President Reagan used well the forum of the United Nations in addressing the question of missiles in Europe. He showed, to all but the most determinedly skeptical, that he would prefer a Soviet-American agreement limiting Euromissiles to a new American deployment countering Soviet missiles already deployed. Belying his sometime reputation for rigidity, he took the propaganda high ground--on an issue where public support is critical to negotiating success--by airing three new initiatives designed to address concerns the Soviets had raised at the bargaining table.

In the focus on the particulars, people sometimes lose the larger outlines. The single reason there is a Euromissile issue at all is that in the 1970s the Soviets could not resist trying to steal a march on NATO by unilaterally modernizing the intermediate-range nuclear forces (INF) whose political shadow falls most darkly on Western Europe. This foolish and shortsighted misreading of the Western temper produced Europe's demand for the United States to lift that shadow--either by negotiating limits on Euromissiles or by deploying new American missiles on the continent.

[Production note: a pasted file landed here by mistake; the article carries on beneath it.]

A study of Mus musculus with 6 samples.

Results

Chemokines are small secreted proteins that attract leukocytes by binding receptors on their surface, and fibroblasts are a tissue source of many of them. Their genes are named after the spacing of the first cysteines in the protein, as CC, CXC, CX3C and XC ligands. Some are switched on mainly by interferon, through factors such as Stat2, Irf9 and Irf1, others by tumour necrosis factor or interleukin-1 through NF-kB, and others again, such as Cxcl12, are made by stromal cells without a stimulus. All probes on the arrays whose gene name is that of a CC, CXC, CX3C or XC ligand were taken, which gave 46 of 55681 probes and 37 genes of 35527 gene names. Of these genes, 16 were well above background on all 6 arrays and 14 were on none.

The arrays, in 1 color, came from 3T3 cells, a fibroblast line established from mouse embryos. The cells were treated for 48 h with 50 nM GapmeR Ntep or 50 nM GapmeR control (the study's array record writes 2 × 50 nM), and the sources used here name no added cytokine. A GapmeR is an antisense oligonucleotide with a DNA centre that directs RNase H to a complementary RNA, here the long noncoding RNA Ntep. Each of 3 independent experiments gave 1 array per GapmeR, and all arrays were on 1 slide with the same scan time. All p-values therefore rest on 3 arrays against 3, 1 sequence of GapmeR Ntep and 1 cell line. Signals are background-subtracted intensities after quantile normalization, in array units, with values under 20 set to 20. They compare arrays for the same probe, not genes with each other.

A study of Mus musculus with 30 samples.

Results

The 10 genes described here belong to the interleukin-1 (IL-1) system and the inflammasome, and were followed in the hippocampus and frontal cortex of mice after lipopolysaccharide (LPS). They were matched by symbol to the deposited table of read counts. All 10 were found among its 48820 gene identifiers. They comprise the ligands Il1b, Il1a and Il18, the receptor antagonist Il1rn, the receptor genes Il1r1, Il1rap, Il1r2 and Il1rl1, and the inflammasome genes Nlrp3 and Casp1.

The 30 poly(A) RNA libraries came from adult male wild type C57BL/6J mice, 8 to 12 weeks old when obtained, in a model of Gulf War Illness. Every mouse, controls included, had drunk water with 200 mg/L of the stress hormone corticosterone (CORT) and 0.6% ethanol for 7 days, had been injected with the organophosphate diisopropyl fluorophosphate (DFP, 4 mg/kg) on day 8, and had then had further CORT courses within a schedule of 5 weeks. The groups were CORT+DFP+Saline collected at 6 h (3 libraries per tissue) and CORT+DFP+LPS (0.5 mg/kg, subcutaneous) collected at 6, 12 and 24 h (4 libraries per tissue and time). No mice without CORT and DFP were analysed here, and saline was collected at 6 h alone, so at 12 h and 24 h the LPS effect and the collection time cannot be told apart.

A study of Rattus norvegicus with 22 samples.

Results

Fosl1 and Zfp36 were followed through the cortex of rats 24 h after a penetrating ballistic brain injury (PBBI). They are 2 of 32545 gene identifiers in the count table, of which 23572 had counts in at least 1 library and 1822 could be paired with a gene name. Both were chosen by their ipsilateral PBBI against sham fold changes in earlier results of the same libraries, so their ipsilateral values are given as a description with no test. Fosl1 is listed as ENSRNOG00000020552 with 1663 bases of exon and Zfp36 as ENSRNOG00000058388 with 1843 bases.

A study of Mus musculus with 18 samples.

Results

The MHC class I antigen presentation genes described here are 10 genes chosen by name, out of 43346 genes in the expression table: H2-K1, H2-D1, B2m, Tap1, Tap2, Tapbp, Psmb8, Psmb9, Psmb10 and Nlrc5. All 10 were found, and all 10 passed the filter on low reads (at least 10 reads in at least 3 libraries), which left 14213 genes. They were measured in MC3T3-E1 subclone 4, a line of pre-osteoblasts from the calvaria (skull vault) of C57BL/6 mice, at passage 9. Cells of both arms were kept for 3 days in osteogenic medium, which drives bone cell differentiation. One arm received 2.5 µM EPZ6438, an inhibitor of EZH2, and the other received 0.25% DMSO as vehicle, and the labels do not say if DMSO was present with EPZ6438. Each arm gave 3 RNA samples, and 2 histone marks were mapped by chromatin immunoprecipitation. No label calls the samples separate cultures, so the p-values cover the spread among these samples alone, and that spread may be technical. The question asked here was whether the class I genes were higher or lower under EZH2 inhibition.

It is highly doubtful that Mr. Reagan's latest initiatives will draw Moscow into an INF agreement before the alliance-set December date when the new American deployments are scheduled to begin. But the aura of American reasonableness projected by the initiatives should help make deployment politically easier for the countries about to put new missiles on their soil.

The interesting question is whether, after NATO governments have shown they can deploy over the objections of militant minorities, the Soviets may decide to shave their losses by deflating the Euromissile issue. Regrettably, the Kremlin has complicated such a turn by committing itself to unspecified countermoves against any new American Pershing II and cruise missiles that are deployed.

It is exceedingly important, however, for the INF issue to be moved off center stage so that Washington and Moscow can give their full attention to START. INF covers quite limited numbers of lesser missiles that are sensitive in Western alliance politics but won't make much military difference in the end. START covers large numbers of the most vital, destructive and expensive weapons touching the ultimate security of both sides. It is important to deal effectively with the Euromissile issue, but it is no less important to see it in scale as secondary.